The oil market rebalances, natural gas shows seasonal volatility

Oil prices increased by 39 percent between August 2020 and February 2021 on positive vaccine news and the rapid economic recovery in Asia.

A resurgence of COVID-19 cases and difficulties in vaccine rollout at the beginning of the year weakened the oil demand outlook and led the OPEC+ (Organization of the Petroleum Exporting Countries, including Russia and other non-OPEC oil exporters) coalition to review more prudently the relaxation of the 7 million barrels a day production curbs announced in April 2020 (see the October 2020 WEO).

Futures markets point to backwardation (a downward sloping futures curve), with oil prices at $58.5 a barrel in 2021—42 percent higher than the 2020 average—falling to $50.7 in 2025. This is mostly because of a temporary tight demand-supply balance expected this year—in line with International Energy Agency projections of a steady decline in oil inventories, with oil demand (supply) projected at 96.4 million barrels a day (95.5 million barrels a day) in 2021.

Although oil prices persistently above $60 a barrel may induce a substantial production recovery of higher-cost producers in non-OPEC+ countries, including of US shale oil, most of them seem focused on balance sheet repair. Risks to oil prices are slightly tilted to the upside as upside risks from large cuts in oil and gas upstream investments exceed downside risks from a setback in global oil demand recovery, still elevated inventories, and, in the medium term, a breakdown of the OPEC+ coalition.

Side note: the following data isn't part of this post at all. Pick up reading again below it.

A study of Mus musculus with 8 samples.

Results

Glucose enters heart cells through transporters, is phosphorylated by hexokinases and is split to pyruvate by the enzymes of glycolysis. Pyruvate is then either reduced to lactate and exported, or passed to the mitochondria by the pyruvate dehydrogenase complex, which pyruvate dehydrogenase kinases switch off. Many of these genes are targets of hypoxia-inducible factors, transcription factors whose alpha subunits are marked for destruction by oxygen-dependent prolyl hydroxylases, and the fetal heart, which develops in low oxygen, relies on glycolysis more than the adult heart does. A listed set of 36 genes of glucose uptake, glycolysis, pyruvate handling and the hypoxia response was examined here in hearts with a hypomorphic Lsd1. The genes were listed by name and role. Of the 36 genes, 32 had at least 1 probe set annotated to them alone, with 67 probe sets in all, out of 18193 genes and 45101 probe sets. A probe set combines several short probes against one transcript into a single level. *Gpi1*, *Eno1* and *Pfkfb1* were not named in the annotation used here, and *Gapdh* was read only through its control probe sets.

Natural gas prices showed strong weather-induced seasonal volatility. Asian liquefied natural gas prices spiked to almost $40 per million British thermal units (MMBTU) in January 2021, spilling over to European prices (for example, the Dutch Title Transfer Facility price rose to $7.3 per MMBTU), while US Henry Hub spot prices reached $17.5 per MMBTU as a cold snap crippled shale gas output in Texas amid strong electricity demand in mid-February.

High natural gas price volatility sustained the power sector’s demand for thermal coal. South African coal prices were also boosted by strong Indian steel and cement industry demand. Phaseout plans and rising emission costs continue to weigh on the demand outlook for coal over the medium term.